WASHINGTON – All four Colorado House Republicans voted Thursday to hold Attorney General Eric H. Holder Jr. in contempt of Congress because they believe his Justice Department has had enough time to hand over tens of thousands of pages of documents about the botched gunrunning operation.
None of the four lawmakers is a member of the House Oversight and Government Reform Committee that has investigated the Justice Department’s handling of the operation dubbed “Fast and Furious” that led to the death of a U.S. Border Patrol agent.
Yet each lawmaker said Holder has failed to turn over key papers about the committee’s 18-month probe of the case.
“Actually this has been going on for a long time and he still hasn’t handed over the documents. He’s had enough time,” Rep. Mike Coffman of Lone Tree said in an interview, referring to Holder.
“Handing over 6,000 or 7,000 out of 80,000 documents is just a drop in the bucket,” Rep. Doug Lamborn of Colorado Springs said in an interview, referring to the papers the Justice Department has given to the House Oversight Committee.
Both representatives Cory Gardner of Yuma and Scott Tipton of Cortez echoed those sentiments, saying the Attorney General has failed to come clean with Congress about the operation.
The lawmakers joined 234 of their GOP colleagues and 17 House Democrats in approving the contempt citation against Holder, the nation’s number-one law enforcement officer. The bill passed by a 255-to-67 margin with 108 Democrats abstaining.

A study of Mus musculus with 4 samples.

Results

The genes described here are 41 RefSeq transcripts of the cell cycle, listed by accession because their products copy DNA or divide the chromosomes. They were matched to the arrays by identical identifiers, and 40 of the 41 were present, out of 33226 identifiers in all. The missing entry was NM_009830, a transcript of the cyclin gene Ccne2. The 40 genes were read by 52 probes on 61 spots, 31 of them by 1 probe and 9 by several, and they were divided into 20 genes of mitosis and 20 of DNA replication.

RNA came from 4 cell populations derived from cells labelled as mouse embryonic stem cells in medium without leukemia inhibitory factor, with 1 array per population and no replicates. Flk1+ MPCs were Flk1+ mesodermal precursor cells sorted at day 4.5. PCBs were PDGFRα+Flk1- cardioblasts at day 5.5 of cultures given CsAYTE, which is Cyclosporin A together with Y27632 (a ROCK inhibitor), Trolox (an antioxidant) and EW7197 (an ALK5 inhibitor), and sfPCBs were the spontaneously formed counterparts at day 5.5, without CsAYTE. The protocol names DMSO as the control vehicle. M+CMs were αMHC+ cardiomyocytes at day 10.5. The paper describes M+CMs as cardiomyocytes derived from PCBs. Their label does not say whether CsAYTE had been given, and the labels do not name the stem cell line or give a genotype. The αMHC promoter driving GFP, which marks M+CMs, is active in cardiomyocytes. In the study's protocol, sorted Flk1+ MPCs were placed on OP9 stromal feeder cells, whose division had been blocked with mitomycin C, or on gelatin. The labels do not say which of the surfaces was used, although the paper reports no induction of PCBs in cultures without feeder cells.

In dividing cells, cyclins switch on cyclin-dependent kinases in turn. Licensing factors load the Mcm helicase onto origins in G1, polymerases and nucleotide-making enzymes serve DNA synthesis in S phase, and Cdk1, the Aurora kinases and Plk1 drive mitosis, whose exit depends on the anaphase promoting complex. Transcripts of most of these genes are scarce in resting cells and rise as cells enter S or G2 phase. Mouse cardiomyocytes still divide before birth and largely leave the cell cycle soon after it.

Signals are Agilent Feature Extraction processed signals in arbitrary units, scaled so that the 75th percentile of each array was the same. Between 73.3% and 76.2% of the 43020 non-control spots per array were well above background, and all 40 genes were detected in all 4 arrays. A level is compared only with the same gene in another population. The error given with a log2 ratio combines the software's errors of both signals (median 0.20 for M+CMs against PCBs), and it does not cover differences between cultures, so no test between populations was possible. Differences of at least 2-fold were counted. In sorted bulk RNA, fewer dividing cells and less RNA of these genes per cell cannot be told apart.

Before the vote, House Speaker John Boehner acknowledged that the contempt citation would not help Republicans at the polls this fall. Rep. Jared Polis (D-Boulder) agreed. “It’s clearly an overreach,” he said.
Like Polis, Rep. Diana DeGette (D-Denver) voted in abstention. Rep. Ed Perlmutter (D-Lakewood) voted against H.R. 711.
The House approved two contempt citations against Holder. It backed a criminal citation that authorizes the U.S. Attorney for the District of Columbia to pursue a grand jury investigation of Holder. And it approved a civil citation that allows Congress to sue the Attorney General in federal court. The latter bill passed 258 to 95 with 74 abstaining.
The practical effect of both votes is unclear. For example, Coffman admitted that the U.S. Attorney for D.C. is unlikely to prosecute his boss or “one of his own.” Yet the symbolic effect of the votes resounded on Capitol Hill yesterday.
Before the House’s votes, more than 100 House Democrats walked off the House floor, exited through the main center door, and down the front steps of the Capitol in protest of the GOP-controlled House’s measures.
In addition, Issa held a hearing Thursday in which he implied that the nations’ top enforcement official is a liar.
The Washington Times reported on Friday that Issa revealed the details of a secret wiretap from the gunwalking operation in the Congressional Record. He said the wiretap showed that federal agents had abandoned surveillance of guns going to violent Mexican drug cartels and contradicted Holder’s claim that he knew nothing about the failure to track the guns.